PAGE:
Creating a Well-Behaved Canine Companion
Whether you just got a new dog or puppy or adopted an older dog from the pound, it’s important to remember that their entire world has just turned upside-down. While you may have the best of intentions, your canine companion needs more than just love and affection to thrive. In this blog post, we’ll cover some basic tips for proper socialization, helping your dog become the best they can be.
- Not Everyone Needs to Pet Your Dog
It’s much better for your dog to have calm interactions with strangers than to be overwhelmed by people who may behave in a way that’s perceived as threatening or rude. High-pitched voices, rough petting, or looming over your dog can be scary, and this fear can lead to aggression later if the dog feels trapped and needs to defend itself.
- Your Dog Doesn’t Need to Greet Every Dog or Person
If your dog is allowed to drag you over to every other dog, they’ll come to expect this behavior, regardless of your desires or the other dog’s comfort. Not every dog wants to interact with an energetic dog or puppy, and forcing such interactions can lead to discomfort or even aggression. Teaching your dog to remain calm around other dogs is essential for their well-being.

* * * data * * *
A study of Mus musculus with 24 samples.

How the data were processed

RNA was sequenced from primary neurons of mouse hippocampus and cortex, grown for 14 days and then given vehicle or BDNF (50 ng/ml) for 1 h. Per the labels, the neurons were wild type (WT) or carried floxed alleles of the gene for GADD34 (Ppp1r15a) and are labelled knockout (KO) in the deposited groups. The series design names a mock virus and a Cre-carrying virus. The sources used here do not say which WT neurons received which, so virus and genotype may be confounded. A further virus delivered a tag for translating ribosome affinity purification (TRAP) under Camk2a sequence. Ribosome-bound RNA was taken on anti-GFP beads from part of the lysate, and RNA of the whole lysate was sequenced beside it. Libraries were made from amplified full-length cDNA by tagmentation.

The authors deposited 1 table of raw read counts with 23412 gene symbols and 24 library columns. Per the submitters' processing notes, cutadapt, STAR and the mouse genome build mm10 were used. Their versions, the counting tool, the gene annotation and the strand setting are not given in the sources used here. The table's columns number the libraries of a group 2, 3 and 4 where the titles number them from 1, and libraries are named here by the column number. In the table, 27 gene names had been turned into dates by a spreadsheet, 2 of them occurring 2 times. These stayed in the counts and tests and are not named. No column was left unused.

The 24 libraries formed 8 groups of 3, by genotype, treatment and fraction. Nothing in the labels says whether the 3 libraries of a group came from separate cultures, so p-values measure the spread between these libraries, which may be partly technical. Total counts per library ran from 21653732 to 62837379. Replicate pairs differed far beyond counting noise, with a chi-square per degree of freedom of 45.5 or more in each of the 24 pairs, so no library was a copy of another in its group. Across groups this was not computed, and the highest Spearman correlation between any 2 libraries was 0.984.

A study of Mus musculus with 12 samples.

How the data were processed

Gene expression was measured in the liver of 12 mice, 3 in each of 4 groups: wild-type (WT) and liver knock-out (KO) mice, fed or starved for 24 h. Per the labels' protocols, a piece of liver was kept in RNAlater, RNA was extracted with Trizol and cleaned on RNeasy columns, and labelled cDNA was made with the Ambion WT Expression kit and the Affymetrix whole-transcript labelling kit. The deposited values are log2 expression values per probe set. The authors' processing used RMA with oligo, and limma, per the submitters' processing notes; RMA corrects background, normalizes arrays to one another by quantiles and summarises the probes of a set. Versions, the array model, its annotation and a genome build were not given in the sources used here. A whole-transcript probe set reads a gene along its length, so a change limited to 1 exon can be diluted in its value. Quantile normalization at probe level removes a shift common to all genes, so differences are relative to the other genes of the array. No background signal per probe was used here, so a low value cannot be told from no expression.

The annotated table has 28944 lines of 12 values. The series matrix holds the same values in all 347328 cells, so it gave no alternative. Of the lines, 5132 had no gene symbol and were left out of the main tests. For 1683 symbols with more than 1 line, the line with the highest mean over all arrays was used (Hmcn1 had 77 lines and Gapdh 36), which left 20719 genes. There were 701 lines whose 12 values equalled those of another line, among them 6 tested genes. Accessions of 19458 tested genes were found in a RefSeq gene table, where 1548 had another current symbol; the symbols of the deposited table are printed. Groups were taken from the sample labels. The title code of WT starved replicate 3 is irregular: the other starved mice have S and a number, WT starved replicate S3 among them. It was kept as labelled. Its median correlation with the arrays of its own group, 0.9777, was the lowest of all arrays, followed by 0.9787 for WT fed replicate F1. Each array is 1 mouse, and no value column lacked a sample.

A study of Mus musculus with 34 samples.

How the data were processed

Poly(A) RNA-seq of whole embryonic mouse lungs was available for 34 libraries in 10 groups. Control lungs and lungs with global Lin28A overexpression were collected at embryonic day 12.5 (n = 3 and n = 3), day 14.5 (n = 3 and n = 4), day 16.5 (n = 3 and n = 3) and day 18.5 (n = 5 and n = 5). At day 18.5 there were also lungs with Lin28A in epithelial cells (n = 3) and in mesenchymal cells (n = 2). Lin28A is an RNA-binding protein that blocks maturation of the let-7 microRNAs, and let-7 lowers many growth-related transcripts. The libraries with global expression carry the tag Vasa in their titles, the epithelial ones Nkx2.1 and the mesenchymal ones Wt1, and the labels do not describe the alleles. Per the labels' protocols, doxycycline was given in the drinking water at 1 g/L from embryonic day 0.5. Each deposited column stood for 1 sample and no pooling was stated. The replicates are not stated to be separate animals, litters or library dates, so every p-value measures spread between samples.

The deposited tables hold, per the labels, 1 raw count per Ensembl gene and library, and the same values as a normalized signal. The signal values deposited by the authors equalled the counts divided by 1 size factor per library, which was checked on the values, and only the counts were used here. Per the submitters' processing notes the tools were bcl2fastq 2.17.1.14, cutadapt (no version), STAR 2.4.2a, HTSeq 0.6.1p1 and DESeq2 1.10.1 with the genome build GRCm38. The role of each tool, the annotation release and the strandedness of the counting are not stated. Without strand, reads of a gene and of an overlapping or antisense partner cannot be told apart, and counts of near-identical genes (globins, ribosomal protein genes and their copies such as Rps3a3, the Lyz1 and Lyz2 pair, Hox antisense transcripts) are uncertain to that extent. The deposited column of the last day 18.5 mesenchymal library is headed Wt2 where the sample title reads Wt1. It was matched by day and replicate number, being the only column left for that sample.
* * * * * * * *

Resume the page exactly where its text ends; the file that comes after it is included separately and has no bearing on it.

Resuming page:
- Playtime Should Be Reserved for Appropriate Times and Places
Not all dogs like puppies or other dogs, and playtime should be reserved for appropriate moments. Teaching your dog how to behave around other dogs starts with learning how to be calm during introductions. Remember, not every interaction is an invitation to play.
- Human Hands Are Not Toys
Reinforce that human body parts, including hands, are not playthings for your dog. Puppy teeth are sharp, and human flesh is soft – a dangerous combination that can lead to injury or fear.
- Humans Aren’t Treat Dispensers
While using food and treats for teaching obedience is helpful, it’s easy to overdo it. Dogs should be motivated by their relationship with you, not just by treats or toys. Use these rewards sparingly to maintain their desirability.
- Reserve Excitement for Playtime
Daily activities like feeding, walking, or coming home shouldn’t be the most exciting parts of your dog’s day. Excitement should be reserved for playtime and off-leash moments. Over-excitement can lead to behavioural problems that become harder to correct as your dog ages.
Set Your Dog up for Success
By focusing on proper socialization from day one and paying attention to the state of mind you’re reinforcing, you’ll have a much better chance of raising a well-behaved adult dog. This approach will make their adolescence easier to navigate and minimize potential behaviour problems as they grow.